Some men just cannot tell a difference between a work environment, which requires respect and professionalism, and a casual setting at a bar where they can approach women, stare at them, touch them, offer them drinks, and make a variety of other unwelcome sexual advances.
But let’s imagine the following scenario. You are a man who is sitting at a desk, pen in mouth, preoccupied with work-related thoughts, and you realize that you have been sitting like this and staring at your female co-worker for like 10 seconds. Creepy, right?
Or imagine that you are sipping your tea and munching on a delicious sandwich as your eyes wander and linger for 5 or 10 seconds on a female colleague. And, again, you were simply lost in thought, this time family-related. Again, creepy for the woman you have been staring at.
So when does staring at a co-worker of the opposite sex constitute sexual harassment? This is the question we asked our Los Angeles sexual harassment attorney at JML Law. As ridiculous as it may sound, many men in California and all across the U.S. have no idea that staring at a female colleague can be considered inappropriate conduct when it amounts to sexual harassment.
Ever since the #MeToo movement became a thing in the United States, some businesses and employers all across the nation have begun discussing in anti-harassment training with their employees and supervisors whether staring at a female co-worker constitutes sexual harassment.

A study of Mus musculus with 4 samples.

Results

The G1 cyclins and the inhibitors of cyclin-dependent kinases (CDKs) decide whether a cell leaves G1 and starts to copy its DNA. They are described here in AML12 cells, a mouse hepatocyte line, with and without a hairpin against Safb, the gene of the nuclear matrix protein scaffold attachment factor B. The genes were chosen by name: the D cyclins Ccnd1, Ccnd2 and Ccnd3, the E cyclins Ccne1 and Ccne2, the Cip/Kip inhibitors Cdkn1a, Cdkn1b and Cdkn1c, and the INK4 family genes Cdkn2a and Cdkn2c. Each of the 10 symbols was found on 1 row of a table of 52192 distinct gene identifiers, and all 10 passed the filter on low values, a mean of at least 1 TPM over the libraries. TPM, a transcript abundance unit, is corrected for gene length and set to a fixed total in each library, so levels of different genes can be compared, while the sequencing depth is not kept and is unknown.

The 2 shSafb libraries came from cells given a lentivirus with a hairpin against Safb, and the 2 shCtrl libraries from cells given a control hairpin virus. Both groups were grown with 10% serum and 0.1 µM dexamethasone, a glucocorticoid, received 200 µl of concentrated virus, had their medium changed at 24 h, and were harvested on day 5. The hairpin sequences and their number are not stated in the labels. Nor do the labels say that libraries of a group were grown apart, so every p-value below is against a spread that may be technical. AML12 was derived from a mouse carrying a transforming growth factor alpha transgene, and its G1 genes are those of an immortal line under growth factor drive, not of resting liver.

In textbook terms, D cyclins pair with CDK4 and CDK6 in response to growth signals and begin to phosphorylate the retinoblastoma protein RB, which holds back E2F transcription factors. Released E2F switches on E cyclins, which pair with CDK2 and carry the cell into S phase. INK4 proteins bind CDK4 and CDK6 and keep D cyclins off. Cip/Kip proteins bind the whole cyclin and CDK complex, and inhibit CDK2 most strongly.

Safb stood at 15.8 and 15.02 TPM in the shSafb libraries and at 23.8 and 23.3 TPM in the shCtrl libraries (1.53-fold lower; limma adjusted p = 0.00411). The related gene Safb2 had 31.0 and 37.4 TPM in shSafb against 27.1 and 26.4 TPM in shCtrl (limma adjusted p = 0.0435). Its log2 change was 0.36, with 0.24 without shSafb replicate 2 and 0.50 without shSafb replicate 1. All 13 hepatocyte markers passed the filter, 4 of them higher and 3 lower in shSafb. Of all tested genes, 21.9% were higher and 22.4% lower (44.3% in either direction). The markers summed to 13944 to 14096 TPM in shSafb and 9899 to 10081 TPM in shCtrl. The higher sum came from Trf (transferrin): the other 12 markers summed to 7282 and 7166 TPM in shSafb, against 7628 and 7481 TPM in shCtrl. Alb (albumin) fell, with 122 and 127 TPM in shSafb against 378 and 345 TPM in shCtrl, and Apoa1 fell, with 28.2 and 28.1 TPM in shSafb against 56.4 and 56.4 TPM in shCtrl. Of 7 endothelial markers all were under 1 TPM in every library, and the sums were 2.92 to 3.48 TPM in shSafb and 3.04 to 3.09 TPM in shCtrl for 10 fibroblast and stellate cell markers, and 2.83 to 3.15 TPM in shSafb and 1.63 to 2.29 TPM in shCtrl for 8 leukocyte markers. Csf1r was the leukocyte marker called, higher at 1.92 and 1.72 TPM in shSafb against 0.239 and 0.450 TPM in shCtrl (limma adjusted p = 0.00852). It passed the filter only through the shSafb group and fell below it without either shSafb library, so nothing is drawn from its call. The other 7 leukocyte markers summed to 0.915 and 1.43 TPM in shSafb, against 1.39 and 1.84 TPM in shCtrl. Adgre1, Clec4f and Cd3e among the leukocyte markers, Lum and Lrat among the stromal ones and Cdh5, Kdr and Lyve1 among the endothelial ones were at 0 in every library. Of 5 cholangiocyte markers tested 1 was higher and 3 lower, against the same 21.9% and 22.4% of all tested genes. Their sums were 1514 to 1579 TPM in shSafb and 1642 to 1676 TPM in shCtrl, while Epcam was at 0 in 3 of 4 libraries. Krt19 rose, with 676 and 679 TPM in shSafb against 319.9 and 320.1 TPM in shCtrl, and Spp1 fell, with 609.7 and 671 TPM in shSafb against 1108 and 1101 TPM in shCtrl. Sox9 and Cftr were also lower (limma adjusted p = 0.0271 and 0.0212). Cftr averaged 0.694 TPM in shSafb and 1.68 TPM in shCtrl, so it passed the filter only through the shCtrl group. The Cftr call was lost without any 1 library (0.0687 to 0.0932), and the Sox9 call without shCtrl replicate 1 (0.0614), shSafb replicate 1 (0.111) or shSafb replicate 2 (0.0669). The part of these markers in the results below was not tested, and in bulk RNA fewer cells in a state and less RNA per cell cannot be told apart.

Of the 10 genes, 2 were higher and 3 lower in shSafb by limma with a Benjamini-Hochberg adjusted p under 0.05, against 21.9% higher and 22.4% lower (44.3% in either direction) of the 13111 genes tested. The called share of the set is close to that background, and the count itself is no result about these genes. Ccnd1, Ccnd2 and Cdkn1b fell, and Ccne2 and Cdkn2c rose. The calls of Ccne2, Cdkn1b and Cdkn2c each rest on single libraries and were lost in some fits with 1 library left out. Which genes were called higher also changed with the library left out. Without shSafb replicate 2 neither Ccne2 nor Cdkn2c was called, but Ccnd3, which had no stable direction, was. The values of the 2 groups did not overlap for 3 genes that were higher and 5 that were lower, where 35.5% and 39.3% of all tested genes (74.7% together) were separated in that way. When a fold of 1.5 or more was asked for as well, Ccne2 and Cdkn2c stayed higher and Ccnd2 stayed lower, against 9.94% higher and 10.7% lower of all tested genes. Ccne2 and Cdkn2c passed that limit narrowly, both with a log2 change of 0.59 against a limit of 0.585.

During these sessions, workers are taught about the differences between appropriate and inappropriate conduct when it comes to communication with their co-workers, subordinates, and clients. Lingering hugs, inappropriate touching, whispering in the ear, flirting, repeatedly inviting your co-worker on a date or asking for their number despite being turned down, and staring, among other things.
All these things are being discussed during anti-harassment training sessions nowadays. For a male worker in 2018, complimenting a female colleague on her clothes or appearance is like walking through a minefield. Talking about or doing anything that could remotely be considered sexual, inappropriate, or offensive in the workplace has become something that could get you in trouble.
Okay, so how long can you stare at a co-worker without being creepy and without crossing into the realm of sexual harassment? Our experienced sexual harassment attorney in Los Angeles says there is no law regulating how many seconds a worker should stare at his or her co-worker for it to constitute sexual harassment.
More often than not, in order for staring to be considered sexual harassment, it is coupled with other conduct such as offensive comments, inappropriate touching, or other sexual misconduct in the workplace that creates a hostile work environment for the target of the alleged harassment.
This past summer, Netflix introduced an anti-harassment training for its employees, in which it banned workers from looking at co-workers, subordinates, and clients for longer than five seconds. In general, this might seem like a common-sense rule for staring in the workplace, but it depends on the situation.
If your colleague, employer, supervisor, co-worker, client, or subordinate has been staring at you, and you thought it was creepy, you may be able to file a sexual harassment claim. Consult with our Los Angeles sexual harassment attorney from JML Law to speak about your particular situation. Call 818-610-8800 for a free case evaluation.